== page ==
Certified Financial Planner Board of Standards, Inc.

1235 Jefferson Davis Highway, Suite 602, Arlington, VA 22202
P:303-830-7500    F: 303-860-7388   E: govrelations@CFP-Board.org   W: www.CFP-Board.org

November 20, 2002

Jonathan G. Katz
Securities and Exchange Commission
450 Fifth Street, NW
Washington, DC 20549-0609

Re: Release No. 33-8138; File No. S7-40-02,Disclosure Required by Sections 404, 406, 407

Dear Mr. Katz:

I am writing to provide information on the Securities and Exchange Commission's (the Commission) proposal to require companies to include new disclosures in their Exchange Act filings. Specifically, CFP Board is commenting on the requirement that companies disclose the number and names of persons that the board of directors has determined to be the "financial experts" serving on the company's audit committee. The CFP Board1 appreciates this opportunity to provide information it hopes is helpful to the Commission.

CFP Board exists to provide consumers an indication of competency in personal financial planning. Therefore, CFP Board has a history of promoting standards in all fields where it will eventually affect consumers, specifically in financial services. CFP Board supports provisions that foster greater competency in public company audit committees.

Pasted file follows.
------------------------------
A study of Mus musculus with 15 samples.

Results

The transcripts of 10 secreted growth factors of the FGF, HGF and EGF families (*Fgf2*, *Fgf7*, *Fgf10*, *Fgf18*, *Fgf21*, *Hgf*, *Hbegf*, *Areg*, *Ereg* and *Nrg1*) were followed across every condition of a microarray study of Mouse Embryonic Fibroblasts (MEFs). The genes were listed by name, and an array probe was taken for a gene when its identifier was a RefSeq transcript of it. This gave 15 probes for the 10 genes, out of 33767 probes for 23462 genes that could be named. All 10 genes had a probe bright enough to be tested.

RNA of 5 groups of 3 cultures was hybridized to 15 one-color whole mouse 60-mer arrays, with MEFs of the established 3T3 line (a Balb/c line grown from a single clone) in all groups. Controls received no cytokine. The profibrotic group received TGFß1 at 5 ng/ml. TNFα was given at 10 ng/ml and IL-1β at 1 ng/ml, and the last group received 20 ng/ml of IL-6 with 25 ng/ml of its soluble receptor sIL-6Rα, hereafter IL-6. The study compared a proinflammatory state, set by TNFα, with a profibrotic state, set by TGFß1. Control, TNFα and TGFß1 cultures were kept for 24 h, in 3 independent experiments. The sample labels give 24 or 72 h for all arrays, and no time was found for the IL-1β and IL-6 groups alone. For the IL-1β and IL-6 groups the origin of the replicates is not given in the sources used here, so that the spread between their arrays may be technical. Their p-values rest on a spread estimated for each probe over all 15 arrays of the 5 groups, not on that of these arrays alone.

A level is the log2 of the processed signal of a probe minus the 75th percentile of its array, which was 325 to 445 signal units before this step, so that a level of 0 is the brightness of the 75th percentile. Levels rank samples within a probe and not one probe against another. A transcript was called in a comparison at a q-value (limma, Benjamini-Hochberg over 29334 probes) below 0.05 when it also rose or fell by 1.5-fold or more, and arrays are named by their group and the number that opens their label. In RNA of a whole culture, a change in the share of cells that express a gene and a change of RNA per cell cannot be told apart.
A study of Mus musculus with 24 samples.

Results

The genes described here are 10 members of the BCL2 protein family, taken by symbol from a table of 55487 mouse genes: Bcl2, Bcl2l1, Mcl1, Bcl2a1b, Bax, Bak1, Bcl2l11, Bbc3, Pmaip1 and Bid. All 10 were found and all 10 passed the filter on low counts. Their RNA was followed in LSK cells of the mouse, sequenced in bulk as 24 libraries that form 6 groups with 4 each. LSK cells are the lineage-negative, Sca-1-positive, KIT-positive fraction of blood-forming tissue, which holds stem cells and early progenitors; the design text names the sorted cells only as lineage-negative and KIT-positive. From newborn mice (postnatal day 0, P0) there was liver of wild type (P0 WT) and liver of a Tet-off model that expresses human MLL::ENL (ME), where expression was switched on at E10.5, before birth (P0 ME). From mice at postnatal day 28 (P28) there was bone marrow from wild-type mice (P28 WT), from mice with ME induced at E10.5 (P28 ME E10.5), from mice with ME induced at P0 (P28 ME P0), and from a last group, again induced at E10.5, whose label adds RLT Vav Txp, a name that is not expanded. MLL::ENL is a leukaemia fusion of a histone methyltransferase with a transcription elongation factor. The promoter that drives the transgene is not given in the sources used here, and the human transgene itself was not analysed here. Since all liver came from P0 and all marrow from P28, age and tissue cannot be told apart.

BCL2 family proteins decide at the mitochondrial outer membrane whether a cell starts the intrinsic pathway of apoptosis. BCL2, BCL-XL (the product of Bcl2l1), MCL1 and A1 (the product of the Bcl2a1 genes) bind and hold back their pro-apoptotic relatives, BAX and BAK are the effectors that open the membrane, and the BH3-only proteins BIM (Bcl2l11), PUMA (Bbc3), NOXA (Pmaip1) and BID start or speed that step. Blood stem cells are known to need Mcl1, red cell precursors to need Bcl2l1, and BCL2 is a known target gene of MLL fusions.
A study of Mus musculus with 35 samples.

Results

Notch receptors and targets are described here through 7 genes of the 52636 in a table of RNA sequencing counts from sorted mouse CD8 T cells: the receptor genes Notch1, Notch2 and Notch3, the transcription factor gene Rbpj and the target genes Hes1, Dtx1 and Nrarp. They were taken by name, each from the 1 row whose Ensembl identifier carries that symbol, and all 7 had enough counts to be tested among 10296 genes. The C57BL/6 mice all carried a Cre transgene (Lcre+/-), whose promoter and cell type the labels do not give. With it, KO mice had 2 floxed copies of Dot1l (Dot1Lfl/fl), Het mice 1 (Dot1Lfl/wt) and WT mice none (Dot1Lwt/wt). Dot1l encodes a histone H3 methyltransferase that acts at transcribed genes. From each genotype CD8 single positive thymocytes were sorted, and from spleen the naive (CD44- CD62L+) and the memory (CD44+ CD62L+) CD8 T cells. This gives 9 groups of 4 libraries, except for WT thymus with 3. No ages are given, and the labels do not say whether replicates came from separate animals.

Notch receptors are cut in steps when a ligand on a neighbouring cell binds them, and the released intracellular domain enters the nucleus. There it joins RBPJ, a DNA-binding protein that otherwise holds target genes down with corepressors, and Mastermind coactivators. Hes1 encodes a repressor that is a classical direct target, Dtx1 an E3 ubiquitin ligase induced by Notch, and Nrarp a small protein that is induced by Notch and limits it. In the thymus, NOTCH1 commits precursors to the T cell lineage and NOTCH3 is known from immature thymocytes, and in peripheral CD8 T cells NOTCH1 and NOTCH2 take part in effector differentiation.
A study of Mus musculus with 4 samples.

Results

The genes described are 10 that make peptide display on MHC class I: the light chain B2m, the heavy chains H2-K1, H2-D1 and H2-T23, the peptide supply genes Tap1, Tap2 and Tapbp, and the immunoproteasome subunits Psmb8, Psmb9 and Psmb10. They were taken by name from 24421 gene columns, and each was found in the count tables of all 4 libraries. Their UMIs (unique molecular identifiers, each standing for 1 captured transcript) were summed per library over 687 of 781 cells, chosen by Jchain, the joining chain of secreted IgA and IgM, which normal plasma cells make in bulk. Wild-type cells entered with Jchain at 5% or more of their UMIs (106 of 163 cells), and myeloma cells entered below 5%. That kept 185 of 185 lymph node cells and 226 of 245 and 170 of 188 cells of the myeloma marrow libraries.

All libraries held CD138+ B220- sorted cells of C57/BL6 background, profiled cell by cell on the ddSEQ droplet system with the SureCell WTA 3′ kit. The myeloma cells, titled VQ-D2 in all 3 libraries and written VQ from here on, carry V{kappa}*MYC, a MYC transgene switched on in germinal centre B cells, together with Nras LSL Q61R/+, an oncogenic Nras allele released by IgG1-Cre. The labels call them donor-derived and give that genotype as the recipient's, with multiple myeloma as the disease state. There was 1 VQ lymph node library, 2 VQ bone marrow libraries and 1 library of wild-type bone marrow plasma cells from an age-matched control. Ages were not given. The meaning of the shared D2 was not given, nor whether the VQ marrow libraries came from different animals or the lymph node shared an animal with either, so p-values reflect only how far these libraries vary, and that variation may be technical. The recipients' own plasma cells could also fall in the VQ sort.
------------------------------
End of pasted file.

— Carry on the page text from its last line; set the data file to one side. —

Considering the uncertainties American's have faced over the last year, CFP Board believes the Commission should do whatever it can to ensure the investing public about the safety and soundness of America's financial markets. Requiring public companies to disclose whether at least one "financial expert" serves on the audit committee will help in this endeavor. CFP Board does not believe consumers will necessarily benefit by public companies automatically disclosing the names of the financial experts on the audit committee. If this information is made public upon request, consumers could obtain the information when they deem it necessary.

While investors may not frequently pay attention to any of the issues surrounding audit committee's financial experts, those that provide financial advice to them may do so more often. CFP Board believes financial planners and other financial services professionals will benefit as well from the Commission's proposed rules. Since a large number of investors rely on outside professional advice, the faith and trust financial planners and other financial services professionals have in particular public companies is as important as consumers themselves.

CFP Board is pleased the Commission has addressed the competency of those serving on public company's audit committees. If you should have any questions about CFP Board or the individuals it certifies, please contact me at 703-414-5814.


Michael Herndon
Director, Public and Government Affairs

1 Founded in 1985, Certified Financial Planner Board of Standards, Inc. (CFP Board) is a nonprofit professional regulatory organization that fosters professional standards in personal financial planning so that the public values, has access to and benefits from competent financial planning. CFP Board currently authorizes more than 40,000 individuals to use its marks in the United States and 16 international affiliates certify additional thousands of qualified persons in other countries. CFP Board also serves as an educational resource to federal and state lawmakers and regulators on personal financial planning issues.